Australian casino operator The Star Entertainment Group is celebrating its fiscal year results despite taking a beating from VIP gamblers on a hot streak.
On Thursday, The Star delivered its preliminary final report on its performance in the 12 months ending June 30, which saw revenue rise 6% year-on-year to a record AU$2.6b (US$1.9b), while earnings slipped 19.2% to AU$484.4m and net profit after tax (NPAT) tumbled 44% to AU$148.1m.
In addition to their statutory figures, Aussie gaming firms utilize a metric known as ‘normalized’ results, which assumes a constant VIP gambling win rate, on the assertion that this provides a more accurate picture of the situation. Applying this filter, The Star’s revenue was up 15.3%, earnings gained 14.3% and NPAT rose 20.3%.
The Star also noted that its statutory NPAT suffered from AU$37m in significant items, including debt restructuring and expenses related to the launch of its refurbished Gold Coast property.
As previewed in May, The Star’s Asian VIP gamblers – bundled under the heading of ‘international VIP rebate’ business – went on a prolonged hot streak in fiscal 2018. The year’s VIP win rate came in at 1.16%, well below the 1.59% in the previous fiscal year and the 1.35% average assumed under the ‘normalized’ heading.
On the plus side, VIP turnover was up 54.3% to AU$61.2b and statutory revenue rose 11.2% to AU$711.5m. The Star threw shade at its Aussie rival Crown Resorts by claiming that its VIP business was now the largest in Australia/New Zealand.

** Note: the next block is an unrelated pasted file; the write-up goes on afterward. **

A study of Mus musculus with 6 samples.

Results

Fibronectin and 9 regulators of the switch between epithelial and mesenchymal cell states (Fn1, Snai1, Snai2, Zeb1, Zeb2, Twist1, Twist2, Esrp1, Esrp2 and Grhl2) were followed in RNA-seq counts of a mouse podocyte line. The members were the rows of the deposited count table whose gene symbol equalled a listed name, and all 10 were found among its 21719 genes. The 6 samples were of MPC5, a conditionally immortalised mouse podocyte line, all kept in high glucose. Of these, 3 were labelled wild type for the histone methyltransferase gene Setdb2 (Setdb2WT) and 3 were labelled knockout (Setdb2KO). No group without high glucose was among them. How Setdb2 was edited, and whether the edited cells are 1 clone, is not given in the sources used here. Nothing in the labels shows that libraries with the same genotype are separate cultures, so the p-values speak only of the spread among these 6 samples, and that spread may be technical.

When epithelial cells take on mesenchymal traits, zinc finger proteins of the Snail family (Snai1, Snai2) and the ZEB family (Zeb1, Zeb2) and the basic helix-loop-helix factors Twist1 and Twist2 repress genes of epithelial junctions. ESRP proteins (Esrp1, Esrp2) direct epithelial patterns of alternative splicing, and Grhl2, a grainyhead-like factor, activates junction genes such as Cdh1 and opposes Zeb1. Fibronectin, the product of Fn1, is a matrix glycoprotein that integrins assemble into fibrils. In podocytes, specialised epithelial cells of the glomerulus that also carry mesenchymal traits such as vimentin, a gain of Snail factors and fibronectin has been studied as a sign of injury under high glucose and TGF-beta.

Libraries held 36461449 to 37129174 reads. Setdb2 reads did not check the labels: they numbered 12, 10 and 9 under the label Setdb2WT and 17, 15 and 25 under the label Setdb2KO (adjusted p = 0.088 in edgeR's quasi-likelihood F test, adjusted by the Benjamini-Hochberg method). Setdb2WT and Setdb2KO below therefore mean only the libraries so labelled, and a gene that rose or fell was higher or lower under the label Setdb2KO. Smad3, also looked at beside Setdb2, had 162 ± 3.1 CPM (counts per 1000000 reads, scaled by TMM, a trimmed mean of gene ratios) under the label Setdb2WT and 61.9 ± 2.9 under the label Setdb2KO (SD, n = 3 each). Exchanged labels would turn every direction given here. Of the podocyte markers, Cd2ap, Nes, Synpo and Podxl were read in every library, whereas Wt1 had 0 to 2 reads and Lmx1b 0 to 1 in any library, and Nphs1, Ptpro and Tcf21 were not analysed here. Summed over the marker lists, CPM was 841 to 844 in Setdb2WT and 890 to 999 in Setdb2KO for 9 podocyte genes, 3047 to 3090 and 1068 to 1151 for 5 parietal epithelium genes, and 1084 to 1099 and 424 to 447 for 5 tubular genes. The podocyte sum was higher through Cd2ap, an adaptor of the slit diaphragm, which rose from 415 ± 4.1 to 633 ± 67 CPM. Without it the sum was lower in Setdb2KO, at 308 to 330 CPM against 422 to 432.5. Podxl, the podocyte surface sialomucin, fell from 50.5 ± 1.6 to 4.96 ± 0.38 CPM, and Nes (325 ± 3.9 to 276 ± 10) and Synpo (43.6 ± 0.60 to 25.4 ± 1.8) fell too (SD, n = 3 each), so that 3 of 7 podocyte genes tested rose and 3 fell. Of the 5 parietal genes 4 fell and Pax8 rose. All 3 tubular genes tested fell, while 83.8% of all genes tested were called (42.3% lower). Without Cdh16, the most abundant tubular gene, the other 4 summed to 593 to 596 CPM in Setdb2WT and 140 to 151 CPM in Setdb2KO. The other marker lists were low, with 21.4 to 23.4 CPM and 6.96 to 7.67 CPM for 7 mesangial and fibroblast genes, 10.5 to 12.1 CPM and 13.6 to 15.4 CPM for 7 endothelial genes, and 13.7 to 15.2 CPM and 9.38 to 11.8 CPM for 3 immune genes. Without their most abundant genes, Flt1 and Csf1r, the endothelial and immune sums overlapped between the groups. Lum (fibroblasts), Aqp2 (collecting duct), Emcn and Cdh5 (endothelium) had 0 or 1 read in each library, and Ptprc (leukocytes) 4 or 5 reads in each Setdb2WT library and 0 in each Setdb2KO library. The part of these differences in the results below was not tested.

The company credited the VIP gains to “sales-driven diversification strategy” and “market normalization,” the latter referring to Chinese VIPs getting over their fears that Beijing wanted to mount their heads on pikes outside the Imperial Palace. Bad debts also hit a record low as a percentage of revenue.
The Star’s flagship property in Sydney claimed the bulk (AU$52.5b) of this VIP turnover. The property’s statutory revenue rose 3% to AU$1.74b but earnings dipped 28.7% to AU$410m due to higher operating costs and VIP win rate slipping nearly half a point to 1.07%. Domestic visitation was up 11.4% and non-gaming revenue spiked 15%.
Queensland operations reported revenue up nearly 13% to AU$843m while earnings were flat at AU$199m. The revamped Gold Coast property opened in fiscal Q3 with an expanded gaming floor and the new 57 all-suite hotel The Darling.
As for Queen’s Wharf, The Star’s AU$2.4b major integrated resort joint venture in Brisbane, the company says the project remains on schedule and on budget, with demolition works completed and foundation excavation work commenced.
Looking forward, The Star claims that FY19 has so far enjoyed “broad-based revenue growth” across all segments, while VIP turnover was said to be “pleasing.”